Ordering Meds OnlineBetter Safe Than Sorry

Better Safe Than Sorry

Ordering Meds OnlineBetter Safe Than Sorry

For years consumers have been weary of online pharmacies. Even with the entrance of 1800 Contacts in 1995, which streamlined ordering for all of the major vision care companies, online pharmacies for prescription drugs are still not widely used or trusted by consumers--and for good reason. Until recently, there was not a way to identify online scams, and even now consumers stick with walk-in pharmacies where they can talk with a pharmacist and make transactions in person.

Avoid Scams

The Federal Bureau of Investigation (FBI) suggests consumers look for the following when searching for legitimate online pharmacies[1]:

  • They will require a prescription from a licensed doctor, usually by mail (if fax copies are accepted, they will call and verify with the doctor)
  • They make you submit a detailed medical history
  • They clearly state their payment, privacy, and shipping fees on their sites; and
  • They use secure or encrypted website connections for transactions.

Online Pharmacies

Many large pharmacy and drugstore chains have begun online pharmacy sales through their company websites. Walgreens, Walmart, and CVS are just a few that transfer prescriptions, fill and ship meds, and offer account management all from your smartphone app or computer. It is easy to use these online pharmacies by creating an online account, especially if you already use the pharmacy for your prescription meds. For lesser known online pharmacies, it’s important to do your homework and use your personal discretion to protect yourself and your health. Do not put your health in the hands of scam artists and amateurs.

If an online pharmacy boasts of incredible bargains, it may be a scam. If the deal seems too good to be true, it most likely is. If they sell meds without a prescription, that is a no-no. It’s illegal to buy from them, and they’re breaking multiple laws by selling drugs online.

To make sure you’re buying from a trusted pharmacy, and the process is overseen by a licensed pharmacist, look for a URL that ends in .pharmacy. The National Association of Boards of Pharmacy (NABP) vets .pharmacy applicants thoroughly to insure they operate a safe and legitimate business in accordance with NABP standards[2]. Once approval is granted, the online pharmacy is monitored and must maintain proper standard to keep the .pharmacy name.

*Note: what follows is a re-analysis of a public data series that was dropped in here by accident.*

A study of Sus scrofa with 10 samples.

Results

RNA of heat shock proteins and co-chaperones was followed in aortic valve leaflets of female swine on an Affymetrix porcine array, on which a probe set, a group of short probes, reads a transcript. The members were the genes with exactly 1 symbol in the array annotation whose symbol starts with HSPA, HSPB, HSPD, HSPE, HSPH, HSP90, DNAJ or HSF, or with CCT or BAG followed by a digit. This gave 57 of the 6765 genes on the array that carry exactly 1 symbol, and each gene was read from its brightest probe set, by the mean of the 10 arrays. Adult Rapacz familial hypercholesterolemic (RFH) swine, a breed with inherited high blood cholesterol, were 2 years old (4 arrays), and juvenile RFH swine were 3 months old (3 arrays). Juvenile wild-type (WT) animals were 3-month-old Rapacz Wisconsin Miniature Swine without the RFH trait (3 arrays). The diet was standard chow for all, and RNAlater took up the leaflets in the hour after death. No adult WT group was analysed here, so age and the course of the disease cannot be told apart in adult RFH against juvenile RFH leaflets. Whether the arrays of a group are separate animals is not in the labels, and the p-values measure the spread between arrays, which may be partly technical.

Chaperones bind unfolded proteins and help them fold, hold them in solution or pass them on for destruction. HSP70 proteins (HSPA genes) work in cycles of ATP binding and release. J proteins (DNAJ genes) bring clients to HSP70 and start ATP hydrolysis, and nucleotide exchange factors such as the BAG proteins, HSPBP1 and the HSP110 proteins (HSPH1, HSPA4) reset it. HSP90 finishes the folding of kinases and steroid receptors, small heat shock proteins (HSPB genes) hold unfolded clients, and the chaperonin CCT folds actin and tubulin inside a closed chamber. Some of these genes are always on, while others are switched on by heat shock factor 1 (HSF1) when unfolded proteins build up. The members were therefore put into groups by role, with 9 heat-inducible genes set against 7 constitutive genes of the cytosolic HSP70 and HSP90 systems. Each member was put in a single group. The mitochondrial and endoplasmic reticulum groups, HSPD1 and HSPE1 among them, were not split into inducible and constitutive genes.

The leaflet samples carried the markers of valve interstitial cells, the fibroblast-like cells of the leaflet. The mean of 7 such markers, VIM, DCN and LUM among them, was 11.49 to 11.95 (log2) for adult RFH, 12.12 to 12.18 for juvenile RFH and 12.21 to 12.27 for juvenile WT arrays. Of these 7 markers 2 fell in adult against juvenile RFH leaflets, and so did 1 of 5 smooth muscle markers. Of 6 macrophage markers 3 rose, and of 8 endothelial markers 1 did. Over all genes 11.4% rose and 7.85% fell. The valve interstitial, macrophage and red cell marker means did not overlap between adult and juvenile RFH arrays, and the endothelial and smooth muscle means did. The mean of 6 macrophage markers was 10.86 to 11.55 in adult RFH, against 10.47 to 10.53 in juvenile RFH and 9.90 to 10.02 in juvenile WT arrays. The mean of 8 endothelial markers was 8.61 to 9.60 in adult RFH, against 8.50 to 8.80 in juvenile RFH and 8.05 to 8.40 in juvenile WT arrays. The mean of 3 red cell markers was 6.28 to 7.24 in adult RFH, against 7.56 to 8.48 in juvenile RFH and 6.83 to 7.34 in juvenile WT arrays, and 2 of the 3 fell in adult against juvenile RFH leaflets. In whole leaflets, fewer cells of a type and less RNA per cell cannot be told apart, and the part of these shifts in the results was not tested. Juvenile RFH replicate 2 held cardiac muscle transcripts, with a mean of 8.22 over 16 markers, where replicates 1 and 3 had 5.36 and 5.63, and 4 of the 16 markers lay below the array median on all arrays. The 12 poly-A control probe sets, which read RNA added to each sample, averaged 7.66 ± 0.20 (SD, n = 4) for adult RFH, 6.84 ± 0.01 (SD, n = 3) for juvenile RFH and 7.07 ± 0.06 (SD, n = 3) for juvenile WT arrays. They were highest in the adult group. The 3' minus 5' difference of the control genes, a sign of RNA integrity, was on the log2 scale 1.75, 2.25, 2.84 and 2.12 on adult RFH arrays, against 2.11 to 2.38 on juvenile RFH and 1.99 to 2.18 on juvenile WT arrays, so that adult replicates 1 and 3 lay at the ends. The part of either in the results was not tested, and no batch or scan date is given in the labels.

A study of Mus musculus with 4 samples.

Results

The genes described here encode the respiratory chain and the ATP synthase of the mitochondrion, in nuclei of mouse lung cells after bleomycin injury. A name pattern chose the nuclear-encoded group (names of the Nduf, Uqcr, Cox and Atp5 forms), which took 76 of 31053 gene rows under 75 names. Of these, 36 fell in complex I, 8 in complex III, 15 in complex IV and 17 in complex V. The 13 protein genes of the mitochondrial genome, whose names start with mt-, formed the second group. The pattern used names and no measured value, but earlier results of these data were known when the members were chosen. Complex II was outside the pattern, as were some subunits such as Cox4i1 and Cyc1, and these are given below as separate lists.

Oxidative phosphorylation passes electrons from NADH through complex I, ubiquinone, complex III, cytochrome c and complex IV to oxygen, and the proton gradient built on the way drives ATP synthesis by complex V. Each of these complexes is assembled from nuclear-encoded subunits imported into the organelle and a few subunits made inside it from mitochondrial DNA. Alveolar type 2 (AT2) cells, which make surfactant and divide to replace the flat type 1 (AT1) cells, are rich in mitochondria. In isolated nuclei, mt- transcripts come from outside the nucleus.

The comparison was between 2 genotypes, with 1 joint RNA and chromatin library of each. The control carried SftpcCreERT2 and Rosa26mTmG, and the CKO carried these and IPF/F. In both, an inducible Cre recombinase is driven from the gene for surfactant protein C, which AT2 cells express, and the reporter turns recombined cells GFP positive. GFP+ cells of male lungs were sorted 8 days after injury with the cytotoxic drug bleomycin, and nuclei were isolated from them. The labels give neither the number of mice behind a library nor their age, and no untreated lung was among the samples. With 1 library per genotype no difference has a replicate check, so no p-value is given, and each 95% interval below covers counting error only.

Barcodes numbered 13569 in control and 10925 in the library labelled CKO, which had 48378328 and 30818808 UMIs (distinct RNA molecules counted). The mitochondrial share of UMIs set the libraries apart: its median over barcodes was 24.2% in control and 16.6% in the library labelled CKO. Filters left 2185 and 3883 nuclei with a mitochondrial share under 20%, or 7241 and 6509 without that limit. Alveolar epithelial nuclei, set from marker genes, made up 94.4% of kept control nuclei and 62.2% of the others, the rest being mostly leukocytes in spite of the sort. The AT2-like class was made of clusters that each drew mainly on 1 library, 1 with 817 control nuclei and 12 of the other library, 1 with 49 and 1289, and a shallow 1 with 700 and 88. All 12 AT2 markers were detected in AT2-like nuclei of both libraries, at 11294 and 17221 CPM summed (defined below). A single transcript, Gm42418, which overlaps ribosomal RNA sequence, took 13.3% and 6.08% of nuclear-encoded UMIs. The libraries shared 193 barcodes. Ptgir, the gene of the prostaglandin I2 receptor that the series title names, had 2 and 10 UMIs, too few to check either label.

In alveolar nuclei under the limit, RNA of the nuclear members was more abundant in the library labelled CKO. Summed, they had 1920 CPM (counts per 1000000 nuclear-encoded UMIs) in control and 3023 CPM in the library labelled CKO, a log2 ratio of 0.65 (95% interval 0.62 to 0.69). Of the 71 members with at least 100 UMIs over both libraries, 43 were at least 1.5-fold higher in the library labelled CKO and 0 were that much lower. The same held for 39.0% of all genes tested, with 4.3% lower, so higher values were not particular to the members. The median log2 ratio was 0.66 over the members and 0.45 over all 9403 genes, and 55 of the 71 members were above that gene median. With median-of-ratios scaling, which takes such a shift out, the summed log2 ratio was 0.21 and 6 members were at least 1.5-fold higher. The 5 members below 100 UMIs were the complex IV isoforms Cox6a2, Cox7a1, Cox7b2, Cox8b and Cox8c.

Manufacturer Direct

The first medication available online directly through the manufacturer’s website was Viagra, in a bold move to pull the rug out from under counterfeiters. In 2013, Viagra began selling “the little blue pill” directly through their website, requiring prescriptions, and mailing out packages to protect patient anonymity[3]. Since then, more meds have become available through manufacturers and online pharmacies have become more prevalent and transparent. To avoid scams associated with counterfeit manufacturer sites, check the URL before making purchases, and do not purchase from websites that do not require a prescription.

Instead of finding an online pharamcy, use one that you already trust. Ask your local pharmacy or drugstore chain if there is an online option so you can avoid running out of meds and handle refills from the comfort of your home.

[1] https://archives.fbi.gov/archives/news/stories/2009/march/pharmacy_030309

[2] https://nabp.pharmacy/initiatives/dot-pharmacy/

[3] http://www.npr.org/sections/health-shots/2013/05/06/181577694/pfizer-goes-direct-with-viagra-sales-to-men

Ordering Meds OnlineBetter Safe Than Sorry

Meet the Author:

Rachel Ashworth


Rachel Ashworth is originally from the Midwest, her expertise is writing research-based articles about health and wellness. Specific interests include mental health and addiction. Rachel has written on a wide range of topics including parenting, fitness, health, fire safety, home maintenance, medical insurance, and dental care. She spends her time writing, volunteering with her church and community, and teaching her children.


Rachel Ashworth is originally from the Midwest, her expertise is writing research-based articles about health and wellness. Specific interests include mental health and addiction. Rachel has written on a wide range of topics including parenting, fitness, health, fire safety, home maintenance, medical insurance, and dental care. She spends her time writing, volunteering with her church and community, and teaching her children.